Barred Owl (Strix varia)

Barred Owl (Strix varia)

Barred Owl through binoculars

This photo was taken March 30 at 7:30AM.  Barred Owls remain in Minnesota year-round, but the weeklong time period surrounding this photo is really the only time I’ve gotten a good look at this owl.  I hear them from time to time (their call sounds like “Who cooks for you, who cooks for youuuu?”), but once the trees leaf out I simply no longer see them.

The photo above was taken from my living room window while I was drinking my morning coffee – I actually held my little camera up to my binoculars (which are on the windowsill at all times) and took several photos through one of the eyepieces. Barred Owls are actually quite common and can be seen during the day; they perch on branches as they wait for prey to scurry or flit past.  They are, however, primarily nocturnal predators.  Barred Owls are adapted for night hunting with their excellent hearing and ability to see well in low light.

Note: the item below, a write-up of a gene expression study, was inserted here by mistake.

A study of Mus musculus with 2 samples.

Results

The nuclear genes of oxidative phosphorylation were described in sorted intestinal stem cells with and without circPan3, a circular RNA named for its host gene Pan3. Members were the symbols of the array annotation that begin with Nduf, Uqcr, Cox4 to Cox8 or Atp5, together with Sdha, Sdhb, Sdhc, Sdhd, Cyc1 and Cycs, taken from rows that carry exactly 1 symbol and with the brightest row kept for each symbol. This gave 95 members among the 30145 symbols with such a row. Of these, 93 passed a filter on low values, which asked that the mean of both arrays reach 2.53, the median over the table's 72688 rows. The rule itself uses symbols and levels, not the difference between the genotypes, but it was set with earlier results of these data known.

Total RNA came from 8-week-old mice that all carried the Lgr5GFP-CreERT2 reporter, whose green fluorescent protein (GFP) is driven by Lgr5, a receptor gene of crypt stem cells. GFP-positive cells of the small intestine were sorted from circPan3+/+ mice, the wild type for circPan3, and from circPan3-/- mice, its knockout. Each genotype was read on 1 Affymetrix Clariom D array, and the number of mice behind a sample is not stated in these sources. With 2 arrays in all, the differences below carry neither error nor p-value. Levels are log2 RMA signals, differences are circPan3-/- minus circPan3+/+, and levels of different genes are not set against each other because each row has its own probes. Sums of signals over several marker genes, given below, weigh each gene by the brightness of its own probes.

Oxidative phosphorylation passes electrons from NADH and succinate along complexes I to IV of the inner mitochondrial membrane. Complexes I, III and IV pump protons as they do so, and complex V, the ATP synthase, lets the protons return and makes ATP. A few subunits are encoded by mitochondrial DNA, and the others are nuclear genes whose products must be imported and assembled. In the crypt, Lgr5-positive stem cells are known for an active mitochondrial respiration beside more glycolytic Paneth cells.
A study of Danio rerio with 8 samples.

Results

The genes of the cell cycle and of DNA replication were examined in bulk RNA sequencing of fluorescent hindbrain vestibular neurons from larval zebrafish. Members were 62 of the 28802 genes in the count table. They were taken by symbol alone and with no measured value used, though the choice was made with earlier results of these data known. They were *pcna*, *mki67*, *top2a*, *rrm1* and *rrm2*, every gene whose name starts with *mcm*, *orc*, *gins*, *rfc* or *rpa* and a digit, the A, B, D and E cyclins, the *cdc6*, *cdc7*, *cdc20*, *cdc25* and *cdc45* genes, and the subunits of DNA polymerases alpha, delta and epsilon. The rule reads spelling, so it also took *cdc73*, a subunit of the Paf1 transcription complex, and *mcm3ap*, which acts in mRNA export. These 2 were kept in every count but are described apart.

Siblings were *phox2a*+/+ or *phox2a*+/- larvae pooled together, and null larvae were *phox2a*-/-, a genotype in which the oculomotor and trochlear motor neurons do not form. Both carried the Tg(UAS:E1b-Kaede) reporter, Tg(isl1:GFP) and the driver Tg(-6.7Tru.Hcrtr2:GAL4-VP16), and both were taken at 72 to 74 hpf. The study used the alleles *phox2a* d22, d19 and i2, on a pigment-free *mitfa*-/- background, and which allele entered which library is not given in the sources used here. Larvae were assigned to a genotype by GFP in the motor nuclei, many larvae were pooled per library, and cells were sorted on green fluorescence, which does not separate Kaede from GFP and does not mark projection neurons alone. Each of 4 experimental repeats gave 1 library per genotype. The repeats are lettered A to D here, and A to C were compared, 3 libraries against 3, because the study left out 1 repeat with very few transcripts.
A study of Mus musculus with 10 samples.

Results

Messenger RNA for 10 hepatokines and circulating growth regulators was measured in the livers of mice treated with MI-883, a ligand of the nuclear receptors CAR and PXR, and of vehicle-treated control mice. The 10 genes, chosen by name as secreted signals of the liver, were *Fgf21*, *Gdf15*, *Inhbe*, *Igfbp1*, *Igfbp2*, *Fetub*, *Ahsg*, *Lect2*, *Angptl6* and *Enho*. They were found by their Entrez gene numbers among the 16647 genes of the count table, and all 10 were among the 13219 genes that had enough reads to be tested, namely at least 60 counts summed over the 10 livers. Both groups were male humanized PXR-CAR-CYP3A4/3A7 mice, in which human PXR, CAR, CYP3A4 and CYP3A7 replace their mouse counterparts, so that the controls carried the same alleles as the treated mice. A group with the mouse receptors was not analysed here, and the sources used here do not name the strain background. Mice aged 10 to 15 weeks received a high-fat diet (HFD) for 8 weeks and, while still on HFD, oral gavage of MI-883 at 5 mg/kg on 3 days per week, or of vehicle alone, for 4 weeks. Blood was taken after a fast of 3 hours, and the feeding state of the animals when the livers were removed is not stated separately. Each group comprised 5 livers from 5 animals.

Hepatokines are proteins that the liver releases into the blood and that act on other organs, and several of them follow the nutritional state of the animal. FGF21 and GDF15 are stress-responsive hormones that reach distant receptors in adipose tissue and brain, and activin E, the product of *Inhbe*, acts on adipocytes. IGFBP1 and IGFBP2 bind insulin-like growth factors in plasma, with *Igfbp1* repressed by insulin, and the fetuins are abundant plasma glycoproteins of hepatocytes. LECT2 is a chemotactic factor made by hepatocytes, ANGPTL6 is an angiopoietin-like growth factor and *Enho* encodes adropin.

Barred Owls cannot, of course, turn their heads completely around, but as you can see from this photo they make a sporting attempt.  They can actually turn it about 3/4 of the way around, which is still quite impressive!
Barred Owls are up to 20 inches tall and can have a wing span of 4 feet!  Their preferred habitat is dense woods near water.  Fortunately, my backyard happens to back up to a nice span of woods, and the Mississippi River follows shortly after that.  They nest in cavities in deciduous trees, but they will also use nest boxes.